The Glynn County Commission hopes that Frat Beach will be a sober event this year. For the second year in a row, alcohol will be banned on St. Simons Island during the annual Georgia-Florida football game weekend, otherwise known as Frat Beach.

All “common source” containers such as milk jugs, which are usually filled with mixtures of alcohol, will also be banned.

Additionally, there will be no food trucks and fewer port-a-potties will be available for use on the beach. These measures are all intended to reduce the number of students, partly to curb the spread of COVID-19.

‘No mercy’ for drinking

The two-day alcohol ban from Oct. 29-30 was put into place in a Glynn County Commission meeting on Sept. 2. District 2 Commissioner Cap Fendig said police will be strict and will have “no mercy” on the beach. He said officers will be distributing citations to those who do not abide by the ban.

Although District 4 Commissioner Bill Brunson said law enforcement isn’t trying to put people in jail, there will be strict watch of beachgoers just as there was last year. Fendig has emerged as a staunch opponent of the yearly revelry, which traditionally includes drinking on the beach.

“We are not going to tolerate it. We shouldn’t have to be endangering public safety with the people of our community,” Fendig said. “There will be zero tolerance.”

The Glynn County police will patrol and ID attendees at the beach and parks. Officers will “cite and arrest” underage drinkers or people exhibiting unruly behavior, according to the recommendations that were passed. If an individual is found with alcohol, they will be directed to pour it out, according to Glynn County officials.

The alcohol ban took effect due to multiple threats to public safety, including the focus of law enforcement primarily on the Ahmaud Arbery murder trial, the lingering threat of COVID-19 and the desire to put an end to rampant underage drinking on the beaches of St. Simons.

The trial of three men, Travis and Greg McMichael and William Bryan, for the murder of Arbery will begin Oct. 18. It will continue through the weekend of Oct. 29-30, the weekend of Frat Beach.

Arbery, a Black man, was killed while on a run after being chased by the three white men and shot by one of them. His death sparked national outcry, and his trial is expected to attract people from all over the country to Brunswick.

Although Glynn County police and state patrol will be monitoring the beach, there will be reduced numbers of staff because county resources are “under capacity” and focused on the trial, according to Fendig.

“It’s not only law enforcement. It’s all the first responders, it’s EMT, it’s the fire department, it’s the Sheriff’s Department, it’s the police department. It’s everything that we’ve had to delegate to Frat Beach. Every element of that is involved in this trial,” Brunson said.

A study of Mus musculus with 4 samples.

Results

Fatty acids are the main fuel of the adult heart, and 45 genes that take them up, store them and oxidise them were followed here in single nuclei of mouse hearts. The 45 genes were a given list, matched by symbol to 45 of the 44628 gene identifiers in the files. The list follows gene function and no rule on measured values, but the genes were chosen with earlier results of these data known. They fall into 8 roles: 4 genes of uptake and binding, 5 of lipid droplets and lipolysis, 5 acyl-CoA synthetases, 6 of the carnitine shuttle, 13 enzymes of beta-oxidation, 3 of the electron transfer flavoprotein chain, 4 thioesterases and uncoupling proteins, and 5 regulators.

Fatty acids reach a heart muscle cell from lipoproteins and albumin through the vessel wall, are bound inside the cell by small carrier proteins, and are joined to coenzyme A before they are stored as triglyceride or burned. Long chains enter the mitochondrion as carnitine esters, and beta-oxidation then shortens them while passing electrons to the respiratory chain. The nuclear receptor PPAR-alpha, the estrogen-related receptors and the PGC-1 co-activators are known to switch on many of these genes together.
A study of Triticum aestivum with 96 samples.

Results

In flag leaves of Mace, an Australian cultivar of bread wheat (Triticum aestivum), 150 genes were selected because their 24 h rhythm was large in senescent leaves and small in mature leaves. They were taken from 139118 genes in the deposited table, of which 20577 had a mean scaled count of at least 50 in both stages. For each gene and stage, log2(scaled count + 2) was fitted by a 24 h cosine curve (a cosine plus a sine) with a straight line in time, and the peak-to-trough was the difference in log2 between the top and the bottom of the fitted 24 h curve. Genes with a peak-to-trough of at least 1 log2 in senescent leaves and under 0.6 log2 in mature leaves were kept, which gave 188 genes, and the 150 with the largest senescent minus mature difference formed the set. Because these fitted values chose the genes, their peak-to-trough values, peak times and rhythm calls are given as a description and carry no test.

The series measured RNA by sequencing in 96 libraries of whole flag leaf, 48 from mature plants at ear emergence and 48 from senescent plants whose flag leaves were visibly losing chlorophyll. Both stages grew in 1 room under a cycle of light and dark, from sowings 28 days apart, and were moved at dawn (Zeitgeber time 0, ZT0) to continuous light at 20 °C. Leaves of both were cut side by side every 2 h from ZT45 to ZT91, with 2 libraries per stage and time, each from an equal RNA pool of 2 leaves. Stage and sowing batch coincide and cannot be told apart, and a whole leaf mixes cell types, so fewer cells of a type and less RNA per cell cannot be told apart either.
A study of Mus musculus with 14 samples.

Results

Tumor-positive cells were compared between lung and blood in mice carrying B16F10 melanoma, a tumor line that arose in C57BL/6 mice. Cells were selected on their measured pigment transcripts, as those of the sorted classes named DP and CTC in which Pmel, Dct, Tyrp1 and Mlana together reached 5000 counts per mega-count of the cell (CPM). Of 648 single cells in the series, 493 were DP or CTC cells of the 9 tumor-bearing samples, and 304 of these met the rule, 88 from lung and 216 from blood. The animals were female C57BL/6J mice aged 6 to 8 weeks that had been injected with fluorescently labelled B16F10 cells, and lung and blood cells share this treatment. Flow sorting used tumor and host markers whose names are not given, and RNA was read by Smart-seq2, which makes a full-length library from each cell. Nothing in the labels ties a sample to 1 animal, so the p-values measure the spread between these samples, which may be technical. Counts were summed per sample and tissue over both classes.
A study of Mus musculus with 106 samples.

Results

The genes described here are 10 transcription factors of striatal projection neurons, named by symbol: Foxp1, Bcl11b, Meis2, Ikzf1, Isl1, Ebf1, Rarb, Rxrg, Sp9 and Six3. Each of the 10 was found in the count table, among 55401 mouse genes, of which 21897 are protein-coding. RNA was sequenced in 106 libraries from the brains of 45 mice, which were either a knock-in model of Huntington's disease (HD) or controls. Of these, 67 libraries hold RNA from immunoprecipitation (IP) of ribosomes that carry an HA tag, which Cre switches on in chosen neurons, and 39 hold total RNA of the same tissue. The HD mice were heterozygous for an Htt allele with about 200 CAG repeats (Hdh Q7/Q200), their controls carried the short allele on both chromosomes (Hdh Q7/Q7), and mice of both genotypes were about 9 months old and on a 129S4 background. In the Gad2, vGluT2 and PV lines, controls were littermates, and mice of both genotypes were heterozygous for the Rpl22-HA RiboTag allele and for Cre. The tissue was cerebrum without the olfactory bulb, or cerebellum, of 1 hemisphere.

No longer a party beach?

The threat of COVID-19 is not only a pressing matter for county enforcement, but also for the large crowds that will be present on the beach, in restaurants and other establishments throughout St. Simons and Brunswick.

“Last year we had multiple first responders who had contracted COVID that wouldn’t be available to be out there on the beach. Same thing is applicable this year,” Brunson said.

In the Sept. 2 meeting, Tamara H. Munson, the co-acting county manager, said there were 27 firefighters and EMS workers out with COVID-19 the week of the commission’s Aug. 25 meeting.

Some commissioners want to see a permanent reduction in the number of people at Frat Beach.

“I don’t think that there’ll be a ban on alcohol next year, unless something unforeseen occurs, but this year it really is about allocation of resources. Last year the attendance for Frat Beach was down and that might have been a positive thing,” Brunson said.

Fendig said he knew that when he was reelected last January, one of his main goals would be to put an end to Frat Beach. He said he wanted to challenge the community to come up with another way for students to celebrate the annual Georgia-Florida rivalry game in St. Simons.

“I’ve been an opponent of Frat Beach from the beginning when it exploded. Frat Beach earned the reputation that you could come to St. Simons and binge drink and do whatever you want, and behave however you want without impunity or consequence,” Fendig said. “It will not continue as that type of gathering anymore.”

Fendig said he has provided transportation tours around the island during the Frat Beach weekend for thousands of drunk students before, where he saw dangerous behavior firsthand.

Many Frat Beach attendees tend to drink heavily — as a safety measure, many write their names on their arms in marker in case they black out and get lost, Fendig said.

“I’ve had many women that came back so drunk at the end of the day and get on buses, they didn’t know where to go and they didn’t have any ID on them,” Fendig said. “This wouldn’t be allowed any other day of the year if it was a group of citizens that have behaved in such a way, and we just can’t look the other way on this.”

Assistant campus news editor and Diversity & Inclusion Chair

Dania Kalaji is a passionate 21-year-old Syrian American junior attending the Grady College of Journalism and Mass Communication. Kalaji is a journalism major, film studies minor, Chips Quinn Diversity in Journalism Scholar and Grady College ambassador.